Last updated: July 22. 2014 11:27AM - 1579 Views
By - egodin@civitasmedia.com



Chris Kohl attracts honeybees by placing a small bit of honey on his finger.
Chris Kohl attracts honeybees by placing a small bit of honey on his finger.


Owner: Chris Kohl


Location: Shavertown


Phone: 570-362-1506


On the Web: http://www.sweetvalleyhives.com/



SHAVERTOWN — One Back Mountain resident, Chris Kohl, is as busy as the honeybees he cares for since he started a sideline business, Sweet Valley Hives, selling handmade Warre hives.
 
Backyard beekeeping has grown as a popular hobby as many people want to have a positive impact on the honeybees' survival and environment, Kohl said.
 
Honeybee populations have been negatively affected by a virus, the Varroa mite, which is a bee tick, and a new class of pesticides.
 
“A healthy hive can fight off two of these but not all three,” he said.
 
The revived interest in beekeeping is based more on the bees' survival and aiding pollination than harvesting honey, he said.
 
According to the Back Yard Beekeepers Association, honeybees are responsible for 80 percent of insect pollination. One hive can collect 66 pounds of pollen a year. This gives the old adage, “busy as a bee” a new perspective.
 
“One hive can impact hundreds or thousands of acres around you,” Kohl said.
 
Remembering a favorite quote from an unnamed publication, Kohl said the solution is “not one person with 10,000 hives but 10,000 people with one hive” that will make a difference. He explained when one or all types of detriments can enter a commercial beekeepers hive, they can quickly spread to other nearby hives.
 
Still a 'Sweet' business
 
Kohl, who held a lifelong interest in the honeybee and its intricate colony, started Sweet Valley Hives, an online business, in 2012 in Sweet Valley. Since then he has moved to Shavertown.
 
“We kept the name,” he said. “Sweet Valley Hives just sounds nice.”
 
Kohl started beekeeping in 2009, locating his hives on the second floor of a barn, to keep them bear-safe. Today he cares for 11 hives, two of which are in his backyard.
 
To give his bees a home, he made Warre Hives out of oak. Warre Hives are a French design promoting the bees' natural instinct to build down as new hive boxes are added to the bottom.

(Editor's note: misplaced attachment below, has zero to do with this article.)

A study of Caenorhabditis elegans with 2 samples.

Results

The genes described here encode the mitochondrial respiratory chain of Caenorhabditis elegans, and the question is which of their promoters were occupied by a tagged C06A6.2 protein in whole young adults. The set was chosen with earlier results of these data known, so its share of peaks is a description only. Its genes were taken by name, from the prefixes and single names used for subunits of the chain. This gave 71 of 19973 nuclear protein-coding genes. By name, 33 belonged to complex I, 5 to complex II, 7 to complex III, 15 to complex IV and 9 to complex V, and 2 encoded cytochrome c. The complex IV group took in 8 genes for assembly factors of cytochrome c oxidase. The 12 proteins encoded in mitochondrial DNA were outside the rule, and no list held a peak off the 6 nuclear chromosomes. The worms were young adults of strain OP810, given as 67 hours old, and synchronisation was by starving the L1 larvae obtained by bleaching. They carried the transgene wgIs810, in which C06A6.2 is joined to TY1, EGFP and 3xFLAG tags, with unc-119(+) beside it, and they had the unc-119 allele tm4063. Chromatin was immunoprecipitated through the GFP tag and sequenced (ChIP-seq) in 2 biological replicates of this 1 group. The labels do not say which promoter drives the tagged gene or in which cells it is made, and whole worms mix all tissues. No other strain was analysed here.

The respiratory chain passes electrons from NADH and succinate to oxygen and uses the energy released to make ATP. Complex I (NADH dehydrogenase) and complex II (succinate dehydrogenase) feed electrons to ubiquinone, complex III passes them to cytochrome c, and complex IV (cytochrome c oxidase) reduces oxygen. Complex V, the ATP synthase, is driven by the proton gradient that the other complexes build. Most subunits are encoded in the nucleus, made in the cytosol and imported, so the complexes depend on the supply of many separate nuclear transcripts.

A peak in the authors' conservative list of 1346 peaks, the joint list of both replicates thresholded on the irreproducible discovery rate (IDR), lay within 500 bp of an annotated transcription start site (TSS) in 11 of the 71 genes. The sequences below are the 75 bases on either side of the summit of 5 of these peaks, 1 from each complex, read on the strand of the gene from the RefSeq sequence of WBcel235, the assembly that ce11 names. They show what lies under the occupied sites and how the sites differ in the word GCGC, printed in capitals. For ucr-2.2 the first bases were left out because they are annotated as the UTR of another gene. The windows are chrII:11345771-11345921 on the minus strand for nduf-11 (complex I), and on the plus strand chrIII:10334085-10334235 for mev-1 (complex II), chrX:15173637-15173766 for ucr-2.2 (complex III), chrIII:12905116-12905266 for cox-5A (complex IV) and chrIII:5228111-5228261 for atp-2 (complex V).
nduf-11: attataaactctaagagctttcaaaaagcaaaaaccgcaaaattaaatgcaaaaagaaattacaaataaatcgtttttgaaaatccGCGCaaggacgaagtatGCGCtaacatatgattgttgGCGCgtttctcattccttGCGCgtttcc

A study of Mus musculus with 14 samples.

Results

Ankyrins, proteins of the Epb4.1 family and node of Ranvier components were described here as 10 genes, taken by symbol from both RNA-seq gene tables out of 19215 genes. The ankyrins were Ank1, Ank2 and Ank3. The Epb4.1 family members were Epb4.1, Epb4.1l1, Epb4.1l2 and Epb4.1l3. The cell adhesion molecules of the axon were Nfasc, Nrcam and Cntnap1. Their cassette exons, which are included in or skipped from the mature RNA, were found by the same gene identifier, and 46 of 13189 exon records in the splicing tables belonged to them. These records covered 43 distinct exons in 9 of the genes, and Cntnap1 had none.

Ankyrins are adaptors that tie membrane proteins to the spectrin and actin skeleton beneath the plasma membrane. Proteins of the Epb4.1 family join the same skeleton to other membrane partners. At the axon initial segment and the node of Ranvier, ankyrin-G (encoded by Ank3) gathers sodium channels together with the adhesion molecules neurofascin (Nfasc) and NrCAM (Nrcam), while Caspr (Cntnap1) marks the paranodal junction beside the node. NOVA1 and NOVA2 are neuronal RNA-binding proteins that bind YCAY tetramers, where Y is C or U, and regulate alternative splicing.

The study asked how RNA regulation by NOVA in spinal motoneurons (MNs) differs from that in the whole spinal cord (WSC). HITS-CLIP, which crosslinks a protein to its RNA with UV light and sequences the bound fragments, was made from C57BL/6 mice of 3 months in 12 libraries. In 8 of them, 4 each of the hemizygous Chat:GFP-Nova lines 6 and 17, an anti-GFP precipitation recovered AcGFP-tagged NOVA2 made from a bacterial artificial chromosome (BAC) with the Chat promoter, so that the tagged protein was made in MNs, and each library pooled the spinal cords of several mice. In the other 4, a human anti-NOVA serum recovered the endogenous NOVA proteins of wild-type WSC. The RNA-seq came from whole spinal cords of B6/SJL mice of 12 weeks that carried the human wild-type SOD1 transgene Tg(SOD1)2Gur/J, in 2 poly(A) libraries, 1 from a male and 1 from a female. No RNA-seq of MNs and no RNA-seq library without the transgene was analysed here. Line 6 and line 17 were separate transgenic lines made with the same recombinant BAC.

Through small modifications, based on trial and error, Kohl added his own touch to the classic design. Curiosity to see what the buzz was about inside the hive led him to add an observation window.
 
Secondly, the original design for the Warre Hive did not have an area where a queen bee is placed for the introduction and adoption process into a new hive.
 
Kohl explained that when starting a hive, bees are ordered from a different vendor and arrive by mail. The queen is created from a different bee hive. She needs to be accepted by the new colony.
 
This process happens when the worker bees eat through a compressed sugar plug, which keeps the new queen in a matchbox-size box. Beekeepers will check to make sure the queen was accepted and escaped the box. Without a queen ring, there is no designated area to place the queen bee for easy inspection later.
 
“It can take up to three to five days for the adoption process,” Kohl said.
 
Among other improvements Kohl includes, each hive comes with two propolis screens. Propolis is a hard resin-like substance bees create to fill cracks in the hive for weatherproofing or to quarantine parasites that may enter the hive.
 
Having two propolis screens allows for easy cleaning or to keep one clean screen for mite treatments, Kohl said.
 
He added a screened bottom board to aid in the prevention of infection by the Varroa mite. The invasive Varroa mite came from Japan about 20 to 30 years ago. This tiny insect can destroy a colony.
 
Ensuring proper spacing between the top bars, Kohl added a hardwood insert with slots cut in. This allows the top bars to be removed and replaced easily, maintaining bee space.
 
Busy when bees aren't
 
This past winter, while his bees were clustered in their hives for warmth and inactive, Kohl was very active.
 
“This past year was very busy,” he said. “I have shipped hives to 31 of the 50 states.”
 
With a day job, Kohl found himself working long hours into the night building hives to meet incoming orders.
 
When someone is starting up a new hive, Kohl said the hive has to arrive before the bees do. Noting he does not sell bees, just the hives, he enlisted the help of his wife, Eileen, and son, Michael, to get the hives completed and delivered to his customers before their bees.
 
All the work to establish and maintain a hive is worth it. Kohl and his wife like to sit in their yard and watch the bees come and go from the hives.
 
Having no fear of being stung, Kohl said his grandchildren play in the yard around the hives.
 
“Honeybees are not aggressive unless you are a direct threat to the hive,” he said. “It is quite relaxing to watch them.”